NEW YORK — Manny Pacquiao never has trouble finding a fight. Anybody with a shred of credibility who can come close to making weight has been lining up for years to face the box-office sensation.
So when Pacquiao agreed to fight Juan Manuel Marquez in November, their third matchup in what already has been an epic series, everyone else started pairing up.
The combined record of those eight fighters: 290 wins, 19 losses, five draws. They also have about 30 world titles between them, depending on what you count.
“I really can’t remember any other weight class that has been so talent-loaded,” Golden Boy Promotions chief executive Richard Schaefer said, referring to the 140- and 147-pound divisions, by far the most exciting in boxing over the past few years.
Those are just the fights that have been finalized.
Golden Boy is close to a deal for lightweight champ Robert Guerrero to move up to 140 pounds against Marcos Maidana, another hard-punching contender. And former three-division champion Erik Morales is expected to return soon after taking Maidana to the brink in April.
“These are some big names, some great matchups,” Schaefer said this week. “They bring name recognition, so not only fight fans tune in, but sports fans as well.”
The pool of fights reminds Schaefer of the 1980s, when the quartet of Sugar Ray Leonard, Marvin Hagler, Thomas Hearns and Roberto Duran were reaching their peak — four fighters of the same elite caliber who came together for a series of slugfests, nine in all.
They’ve stood the test of time.
There was Leonard making Duran call “no mas” at the Louisiana Superdome. Hagler-Hearns in April 1985, in the old outdoor stadium at Caesar’s Palace, still considered the greatest three-round fight in boxing history. And the rematch between Leonard and Duran in December 1989, the fight that effectively closed the chapter on the memorable era.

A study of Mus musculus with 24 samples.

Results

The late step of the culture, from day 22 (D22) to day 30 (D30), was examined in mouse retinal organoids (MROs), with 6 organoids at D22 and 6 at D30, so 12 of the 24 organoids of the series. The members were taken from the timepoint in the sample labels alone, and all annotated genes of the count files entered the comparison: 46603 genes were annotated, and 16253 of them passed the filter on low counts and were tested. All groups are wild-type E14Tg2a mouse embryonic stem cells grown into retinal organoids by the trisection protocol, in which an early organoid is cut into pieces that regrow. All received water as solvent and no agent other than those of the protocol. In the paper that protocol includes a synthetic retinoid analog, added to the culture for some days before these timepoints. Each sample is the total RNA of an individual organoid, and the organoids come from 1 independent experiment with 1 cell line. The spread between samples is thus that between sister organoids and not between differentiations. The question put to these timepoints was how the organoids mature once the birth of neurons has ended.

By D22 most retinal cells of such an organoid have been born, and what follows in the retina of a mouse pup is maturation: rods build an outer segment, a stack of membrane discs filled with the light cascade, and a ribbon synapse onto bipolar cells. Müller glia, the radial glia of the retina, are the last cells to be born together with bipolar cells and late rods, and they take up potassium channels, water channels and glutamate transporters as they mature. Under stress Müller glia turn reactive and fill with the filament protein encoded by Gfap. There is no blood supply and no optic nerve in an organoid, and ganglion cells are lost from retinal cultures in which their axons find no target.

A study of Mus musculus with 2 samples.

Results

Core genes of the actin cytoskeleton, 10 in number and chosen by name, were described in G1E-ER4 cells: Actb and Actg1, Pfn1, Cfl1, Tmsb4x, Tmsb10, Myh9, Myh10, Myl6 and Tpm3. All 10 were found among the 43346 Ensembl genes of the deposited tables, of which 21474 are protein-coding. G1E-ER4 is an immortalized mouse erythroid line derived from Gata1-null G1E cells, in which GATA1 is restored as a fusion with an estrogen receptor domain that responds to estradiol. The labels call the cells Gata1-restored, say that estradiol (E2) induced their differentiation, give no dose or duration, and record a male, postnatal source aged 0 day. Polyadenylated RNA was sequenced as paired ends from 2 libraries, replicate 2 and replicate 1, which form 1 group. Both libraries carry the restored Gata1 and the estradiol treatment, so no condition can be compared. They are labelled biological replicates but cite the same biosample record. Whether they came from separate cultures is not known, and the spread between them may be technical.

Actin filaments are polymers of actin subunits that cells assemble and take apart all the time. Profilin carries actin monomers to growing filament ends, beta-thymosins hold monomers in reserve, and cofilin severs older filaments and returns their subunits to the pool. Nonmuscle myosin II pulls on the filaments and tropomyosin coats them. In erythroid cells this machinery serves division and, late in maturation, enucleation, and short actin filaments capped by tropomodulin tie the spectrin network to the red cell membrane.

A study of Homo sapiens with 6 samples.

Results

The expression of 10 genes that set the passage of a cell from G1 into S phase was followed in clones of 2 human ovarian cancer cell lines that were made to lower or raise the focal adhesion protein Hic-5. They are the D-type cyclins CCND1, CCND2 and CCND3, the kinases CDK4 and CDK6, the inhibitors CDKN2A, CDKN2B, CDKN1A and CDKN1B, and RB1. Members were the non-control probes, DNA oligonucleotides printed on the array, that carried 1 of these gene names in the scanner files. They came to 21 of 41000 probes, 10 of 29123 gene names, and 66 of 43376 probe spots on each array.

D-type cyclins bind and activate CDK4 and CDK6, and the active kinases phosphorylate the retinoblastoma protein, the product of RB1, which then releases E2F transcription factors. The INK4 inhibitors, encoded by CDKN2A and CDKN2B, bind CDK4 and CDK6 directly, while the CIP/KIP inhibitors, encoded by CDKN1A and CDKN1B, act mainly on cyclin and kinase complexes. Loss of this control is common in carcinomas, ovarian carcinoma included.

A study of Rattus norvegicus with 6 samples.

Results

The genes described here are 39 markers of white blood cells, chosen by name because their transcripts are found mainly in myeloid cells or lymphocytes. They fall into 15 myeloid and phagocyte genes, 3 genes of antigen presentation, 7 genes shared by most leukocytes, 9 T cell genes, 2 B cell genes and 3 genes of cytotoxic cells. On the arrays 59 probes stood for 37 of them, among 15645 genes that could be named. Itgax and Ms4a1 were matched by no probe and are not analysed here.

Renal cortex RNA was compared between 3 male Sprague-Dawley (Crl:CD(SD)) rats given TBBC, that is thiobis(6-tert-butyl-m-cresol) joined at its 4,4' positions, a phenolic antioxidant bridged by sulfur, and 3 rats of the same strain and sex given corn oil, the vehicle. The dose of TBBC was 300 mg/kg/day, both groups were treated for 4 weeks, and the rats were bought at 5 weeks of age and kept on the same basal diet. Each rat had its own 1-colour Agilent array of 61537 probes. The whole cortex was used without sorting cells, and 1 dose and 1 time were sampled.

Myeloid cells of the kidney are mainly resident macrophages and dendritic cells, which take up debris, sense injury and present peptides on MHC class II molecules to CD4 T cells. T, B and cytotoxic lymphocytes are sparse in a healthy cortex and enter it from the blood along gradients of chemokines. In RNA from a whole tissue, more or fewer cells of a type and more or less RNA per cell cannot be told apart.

The series of fights scheduled to take place over the next six months may not live up to those lofty standards, but they should provide another jolt of intrigue to a sport that has been trying to recapture the public’s imagination.
“It’s like those great fights in the 1980s, great timing,” said Freddie Roach, who will have a hand in several of the matchups as a trainer of Pacquiao and Khan.
“Even Mayweather is getting in there. I think he picked a southpaw, maybe he’s getting ready for Manny,” Roach said. “It kind of excites me. I’m glad the fight is happening.”
There are a few fights that aren’t happening, and a few fighters left out.
The most notable is unbeaten welterweight titleholder Timothy Bradley, who backed out of a proposed unification fight against Khan and a reportedly career-high payday. Now that just about every other marquee name has locked up a fight, Bradley is left without a dance partner.
“My whole goal is to fight Bradley, and then he pulled out. But it’s one of those things,” Khan said. “They just didn’t want the fight. He said, ‘I don’t want to fight Amir,’ but by the time he gets back in the ring, it’ll be over a year off.”
Bradley’s loss ended up being Judah’s gain.
The former undisputed welterweight champion has been making a comeback at 140 pounds, his more natural weight, and has been impressive in rattling off five straight victories. His most recent win earned him the vacant IBF junior welterweight title.
Now he’s set to face Khan, the talented Brit with the fast hands, at the Mandalay Bay in what could be the most exciting fight the rest of the year.”We never expected this, but God is good,” Judah said earlier this week. “It’s a great opportunity, let’s me become six-time champion of the world. So I’m looking forward to going out there and doing what I need to do.”